Contrary to popular belief, you can’t win over top developer candidates by offering them things like massage chairs and lazy river access from your office. But the chances are that if you’re looking for frivolous perks to offer developers, you’re at least trying to figure out what matters most to them. As part of our 2017 Developer Hiring Landscape, we asked respondents to tell us which employee benefits they look for when they consider new jobs. Some of the usual suspects like vacation days and remote working options were at the top of their list, but let’s take a closer look at some of the less obvious developer benefits.
While it’s true that many developers are always writing code, their passion for programming doesn’t indicate a willingness to be in the office around the clock. In fact, over 48% of developers say that they look for companies that have reasonable expectations for working hours. Surprisingly, expected work hours were more important to developers than things like their annual bonus, stock options, and long-term leave.
This makes it even clearer that you should avoid vague phrases like “work hard, play hard” and “incredible work-life balance” to describe how many hours your current programmers put in on a weekly basis. Instead, be transparent with candidates about your actual working hours. As uncomfortable as it might seem to share this information, passive tech candidates will find it much easier to connect with you if you’re upfront about your company’s expectations—even if they decide the opportunity isn’t the one for them right now.
The developer benefits you offer while they’re at work are just as important as perks you offer them when they’re at home. Developers pay very close attention to the equipment you provide your current tech team—and over 40% of them say that it’s one of the most important benefits an employer can offer. Considering that workstations weren’t among the top ten things developers looked for in jobs last year, it’s fair to say that many companies still ask their programmers to build new products on machines they feel are substandard.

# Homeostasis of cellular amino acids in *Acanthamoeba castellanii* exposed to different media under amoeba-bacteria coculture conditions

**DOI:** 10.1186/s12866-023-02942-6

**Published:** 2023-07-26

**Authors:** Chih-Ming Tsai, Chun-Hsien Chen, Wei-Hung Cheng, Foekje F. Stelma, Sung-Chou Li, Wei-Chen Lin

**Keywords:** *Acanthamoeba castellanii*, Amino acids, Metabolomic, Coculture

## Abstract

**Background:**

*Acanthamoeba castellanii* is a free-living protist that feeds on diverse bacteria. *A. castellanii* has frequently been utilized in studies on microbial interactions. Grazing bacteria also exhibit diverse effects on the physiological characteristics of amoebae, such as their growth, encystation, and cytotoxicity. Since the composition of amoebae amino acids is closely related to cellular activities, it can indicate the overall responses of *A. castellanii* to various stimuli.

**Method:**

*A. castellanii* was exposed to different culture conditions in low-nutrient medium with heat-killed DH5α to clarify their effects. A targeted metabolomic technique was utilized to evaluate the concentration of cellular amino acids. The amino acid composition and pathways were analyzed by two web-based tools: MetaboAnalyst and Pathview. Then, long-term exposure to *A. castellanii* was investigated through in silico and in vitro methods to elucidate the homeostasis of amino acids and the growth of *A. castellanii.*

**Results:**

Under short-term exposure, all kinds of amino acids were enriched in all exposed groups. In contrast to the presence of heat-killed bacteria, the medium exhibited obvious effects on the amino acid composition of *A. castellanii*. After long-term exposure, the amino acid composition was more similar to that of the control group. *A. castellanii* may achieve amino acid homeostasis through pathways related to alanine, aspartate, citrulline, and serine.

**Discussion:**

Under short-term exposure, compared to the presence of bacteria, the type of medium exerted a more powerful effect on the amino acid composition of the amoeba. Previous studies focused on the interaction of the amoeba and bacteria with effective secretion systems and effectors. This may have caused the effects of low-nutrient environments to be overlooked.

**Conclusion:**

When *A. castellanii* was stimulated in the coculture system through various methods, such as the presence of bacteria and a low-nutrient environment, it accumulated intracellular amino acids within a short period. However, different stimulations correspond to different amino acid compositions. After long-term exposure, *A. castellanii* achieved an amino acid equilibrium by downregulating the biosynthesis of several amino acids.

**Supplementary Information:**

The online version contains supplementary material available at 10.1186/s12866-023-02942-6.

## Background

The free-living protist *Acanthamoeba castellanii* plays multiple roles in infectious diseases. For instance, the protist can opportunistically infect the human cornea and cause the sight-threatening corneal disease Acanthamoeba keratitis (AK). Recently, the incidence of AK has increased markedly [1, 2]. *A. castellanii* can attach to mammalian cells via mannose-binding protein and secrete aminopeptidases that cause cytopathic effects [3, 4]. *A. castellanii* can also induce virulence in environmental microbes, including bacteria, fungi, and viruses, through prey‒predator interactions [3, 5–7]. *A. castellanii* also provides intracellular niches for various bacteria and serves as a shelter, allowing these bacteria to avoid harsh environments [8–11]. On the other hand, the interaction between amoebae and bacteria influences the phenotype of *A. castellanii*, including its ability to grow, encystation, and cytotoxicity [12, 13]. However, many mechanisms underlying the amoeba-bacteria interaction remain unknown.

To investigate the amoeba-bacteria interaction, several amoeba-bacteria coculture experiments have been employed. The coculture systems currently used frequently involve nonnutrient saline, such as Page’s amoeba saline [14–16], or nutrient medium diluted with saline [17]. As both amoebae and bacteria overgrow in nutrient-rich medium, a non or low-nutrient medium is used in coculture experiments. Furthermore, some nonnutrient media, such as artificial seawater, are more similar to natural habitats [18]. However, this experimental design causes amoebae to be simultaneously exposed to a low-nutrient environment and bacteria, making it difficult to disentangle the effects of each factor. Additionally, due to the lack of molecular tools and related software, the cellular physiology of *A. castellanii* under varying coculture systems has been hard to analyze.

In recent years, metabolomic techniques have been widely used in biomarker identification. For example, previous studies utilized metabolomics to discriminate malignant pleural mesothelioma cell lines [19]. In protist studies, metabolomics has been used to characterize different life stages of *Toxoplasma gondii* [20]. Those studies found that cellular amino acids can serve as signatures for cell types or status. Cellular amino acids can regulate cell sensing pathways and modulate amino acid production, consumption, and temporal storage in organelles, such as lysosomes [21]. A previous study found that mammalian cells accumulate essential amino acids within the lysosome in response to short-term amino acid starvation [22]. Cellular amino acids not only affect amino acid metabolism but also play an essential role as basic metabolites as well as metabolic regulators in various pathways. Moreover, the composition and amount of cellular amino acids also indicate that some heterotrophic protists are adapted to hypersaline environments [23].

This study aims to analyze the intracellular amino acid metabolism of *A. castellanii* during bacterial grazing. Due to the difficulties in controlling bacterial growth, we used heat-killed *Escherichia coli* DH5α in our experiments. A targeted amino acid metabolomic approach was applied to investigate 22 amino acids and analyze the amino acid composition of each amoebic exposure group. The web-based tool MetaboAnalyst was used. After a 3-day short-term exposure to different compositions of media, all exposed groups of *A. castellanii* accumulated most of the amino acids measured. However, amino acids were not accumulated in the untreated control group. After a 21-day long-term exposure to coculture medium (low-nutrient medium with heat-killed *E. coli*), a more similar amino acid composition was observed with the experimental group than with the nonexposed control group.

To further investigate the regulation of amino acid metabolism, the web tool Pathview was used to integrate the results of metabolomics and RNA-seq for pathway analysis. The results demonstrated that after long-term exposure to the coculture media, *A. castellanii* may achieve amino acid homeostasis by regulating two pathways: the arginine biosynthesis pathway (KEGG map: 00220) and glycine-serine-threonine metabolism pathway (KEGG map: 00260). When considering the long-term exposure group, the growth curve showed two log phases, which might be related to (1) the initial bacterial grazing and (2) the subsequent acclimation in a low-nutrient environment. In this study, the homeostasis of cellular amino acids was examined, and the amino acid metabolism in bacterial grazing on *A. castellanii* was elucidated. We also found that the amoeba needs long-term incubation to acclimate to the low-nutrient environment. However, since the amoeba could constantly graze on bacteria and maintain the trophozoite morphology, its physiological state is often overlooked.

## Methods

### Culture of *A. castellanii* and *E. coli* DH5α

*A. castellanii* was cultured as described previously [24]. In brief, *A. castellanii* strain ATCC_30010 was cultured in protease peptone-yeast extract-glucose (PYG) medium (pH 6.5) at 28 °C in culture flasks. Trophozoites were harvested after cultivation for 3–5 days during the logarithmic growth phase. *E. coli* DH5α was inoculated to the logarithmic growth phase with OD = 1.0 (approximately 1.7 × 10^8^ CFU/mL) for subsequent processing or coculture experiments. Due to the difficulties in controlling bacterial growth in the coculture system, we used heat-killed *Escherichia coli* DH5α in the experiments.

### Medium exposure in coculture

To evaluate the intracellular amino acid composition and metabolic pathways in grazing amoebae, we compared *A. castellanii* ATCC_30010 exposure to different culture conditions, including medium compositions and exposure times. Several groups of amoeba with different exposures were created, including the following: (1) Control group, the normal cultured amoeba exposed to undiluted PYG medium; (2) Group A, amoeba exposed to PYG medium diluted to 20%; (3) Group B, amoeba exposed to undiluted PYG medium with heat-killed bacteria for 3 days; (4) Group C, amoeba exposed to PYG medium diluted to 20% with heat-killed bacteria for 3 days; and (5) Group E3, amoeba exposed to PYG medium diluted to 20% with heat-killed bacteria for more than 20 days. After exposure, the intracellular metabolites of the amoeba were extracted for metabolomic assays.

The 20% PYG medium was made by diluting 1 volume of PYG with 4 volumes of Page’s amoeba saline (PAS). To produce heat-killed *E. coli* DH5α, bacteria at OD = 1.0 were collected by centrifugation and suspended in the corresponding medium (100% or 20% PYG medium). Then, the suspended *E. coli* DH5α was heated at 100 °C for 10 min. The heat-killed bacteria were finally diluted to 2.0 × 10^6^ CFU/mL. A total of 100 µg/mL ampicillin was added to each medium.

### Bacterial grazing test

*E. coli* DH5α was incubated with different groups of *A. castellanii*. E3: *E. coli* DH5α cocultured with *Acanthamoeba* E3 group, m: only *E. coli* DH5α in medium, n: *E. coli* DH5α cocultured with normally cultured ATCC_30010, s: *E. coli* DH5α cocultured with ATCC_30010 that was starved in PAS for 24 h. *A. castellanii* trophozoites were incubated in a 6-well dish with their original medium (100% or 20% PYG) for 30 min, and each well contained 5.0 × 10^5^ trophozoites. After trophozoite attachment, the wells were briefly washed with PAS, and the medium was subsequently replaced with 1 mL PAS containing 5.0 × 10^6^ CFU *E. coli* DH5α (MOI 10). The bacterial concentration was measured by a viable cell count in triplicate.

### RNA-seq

There are two takeaways from the importance of work equipment to today’s developers. For starters, if you notice that your engineering team is working on outdated technology, approach your leadership team about refreshing their gear. But if you’re proud of the equipment that your tech team uses on a daily basis, don’t be shy about talking about those tools when you recruit developers.
Considering that 90% of developers are at least partially self-taught, it should come as no surprise that they value company-sponsored professional development opportunities. With over 35% of developers listing professional development as one of the top benefits they look for, you might figure that to recruit developers, you need to offer massive budgets for conferences and online courses. However, if you don’t have the resources to send your developers to an unlimited number of events, there are more creative options to consider. As Will Pate, Head of Strategy at Connected Lab, told us last year, his engineers look forward to pair programming sessions—which don’t cost the company anything but the willingness and participation from each developer on the team.